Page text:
Colleges are increasingly turning to ways to help potential students afford tuition sticker shock, including what's known as "income share agreements," the AP's David Jordan reports.
Why it matters: The student loan crisis is real, and only getting worse — with spillover effects on the broader economy.
- That's compounded by declining state taxpayer support for public universities and the increasing demand for credentials for entry-level work.
- "In contrast with traditional loans, in which students will simply pay down the principal and interest until there is nothing left, students with income share agreements pay back a percentage of their salary for a set period of time."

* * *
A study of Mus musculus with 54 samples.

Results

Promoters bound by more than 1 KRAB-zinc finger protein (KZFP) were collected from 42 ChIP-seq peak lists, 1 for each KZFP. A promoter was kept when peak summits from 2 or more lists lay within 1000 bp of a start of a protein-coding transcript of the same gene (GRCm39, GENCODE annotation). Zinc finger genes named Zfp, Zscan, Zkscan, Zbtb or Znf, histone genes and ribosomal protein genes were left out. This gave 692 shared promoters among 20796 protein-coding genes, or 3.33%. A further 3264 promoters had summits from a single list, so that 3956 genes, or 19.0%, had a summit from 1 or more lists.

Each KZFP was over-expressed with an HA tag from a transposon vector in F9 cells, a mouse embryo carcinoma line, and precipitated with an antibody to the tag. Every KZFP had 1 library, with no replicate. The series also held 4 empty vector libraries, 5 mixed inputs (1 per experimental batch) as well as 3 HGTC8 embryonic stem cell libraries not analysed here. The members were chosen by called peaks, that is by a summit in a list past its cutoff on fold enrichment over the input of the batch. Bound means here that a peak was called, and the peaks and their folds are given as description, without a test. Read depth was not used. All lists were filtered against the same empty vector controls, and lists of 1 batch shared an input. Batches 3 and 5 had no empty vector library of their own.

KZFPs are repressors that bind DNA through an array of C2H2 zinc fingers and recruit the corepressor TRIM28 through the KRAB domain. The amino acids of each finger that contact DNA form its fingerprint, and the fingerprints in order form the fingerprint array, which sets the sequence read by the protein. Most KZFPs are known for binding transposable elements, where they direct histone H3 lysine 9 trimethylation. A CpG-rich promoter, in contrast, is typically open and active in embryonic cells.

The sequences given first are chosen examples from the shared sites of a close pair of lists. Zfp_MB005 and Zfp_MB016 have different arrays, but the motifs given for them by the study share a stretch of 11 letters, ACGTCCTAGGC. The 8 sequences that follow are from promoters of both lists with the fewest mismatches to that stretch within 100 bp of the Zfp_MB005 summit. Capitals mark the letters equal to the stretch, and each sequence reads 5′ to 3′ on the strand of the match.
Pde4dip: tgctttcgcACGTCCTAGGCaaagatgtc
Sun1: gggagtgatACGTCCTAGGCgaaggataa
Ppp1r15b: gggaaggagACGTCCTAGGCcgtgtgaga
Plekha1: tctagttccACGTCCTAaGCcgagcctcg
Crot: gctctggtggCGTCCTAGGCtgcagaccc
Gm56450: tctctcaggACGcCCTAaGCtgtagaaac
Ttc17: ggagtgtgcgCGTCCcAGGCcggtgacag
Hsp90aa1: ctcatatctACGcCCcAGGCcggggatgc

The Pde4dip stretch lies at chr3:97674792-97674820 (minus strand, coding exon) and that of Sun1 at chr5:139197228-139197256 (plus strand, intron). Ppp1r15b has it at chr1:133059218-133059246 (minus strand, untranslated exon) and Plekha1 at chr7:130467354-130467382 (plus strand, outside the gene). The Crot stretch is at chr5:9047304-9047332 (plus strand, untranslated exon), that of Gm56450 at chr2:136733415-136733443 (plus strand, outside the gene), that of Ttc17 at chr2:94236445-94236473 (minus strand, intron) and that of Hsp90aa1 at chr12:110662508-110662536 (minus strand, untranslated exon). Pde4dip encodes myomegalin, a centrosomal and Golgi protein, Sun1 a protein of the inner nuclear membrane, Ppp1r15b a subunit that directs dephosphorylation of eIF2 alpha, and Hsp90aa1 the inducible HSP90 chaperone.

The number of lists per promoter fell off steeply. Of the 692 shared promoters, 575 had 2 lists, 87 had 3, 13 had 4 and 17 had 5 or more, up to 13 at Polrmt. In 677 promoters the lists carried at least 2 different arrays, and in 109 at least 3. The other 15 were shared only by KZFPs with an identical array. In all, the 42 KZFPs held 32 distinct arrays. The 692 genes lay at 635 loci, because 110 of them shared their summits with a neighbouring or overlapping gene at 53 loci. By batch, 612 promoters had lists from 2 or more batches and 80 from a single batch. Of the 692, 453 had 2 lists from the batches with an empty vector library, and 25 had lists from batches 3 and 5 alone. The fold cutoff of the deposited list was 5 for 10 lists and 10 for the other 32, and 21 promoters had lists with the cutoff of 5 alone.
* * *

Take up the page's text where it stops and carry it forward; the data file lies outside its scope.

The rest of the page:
- The lower your salary, the lower your payments. Most agreements are paid back within 10 years or less, which gives students an interest rate between 8.7% and 21%, per the Wall Street Journal.
- "Those touting the programs say they give colleges greater incentive to help students find high-earning jobs after graduation, because a higher salary means the school may recoup its investment in a shorter period of time."
- The latest example is Norwich University in Vermont. "Norwich’s program is starting out on a small scale, mainly for students who do not have access to other types of loans or those who are taking longer than the traditional eight semesters to finish their degree," the AP reports.
The other side: "But because employment and salary determine repayment, it’s possible providers could be seen as discriminating against recipients who choose lower-paying professions."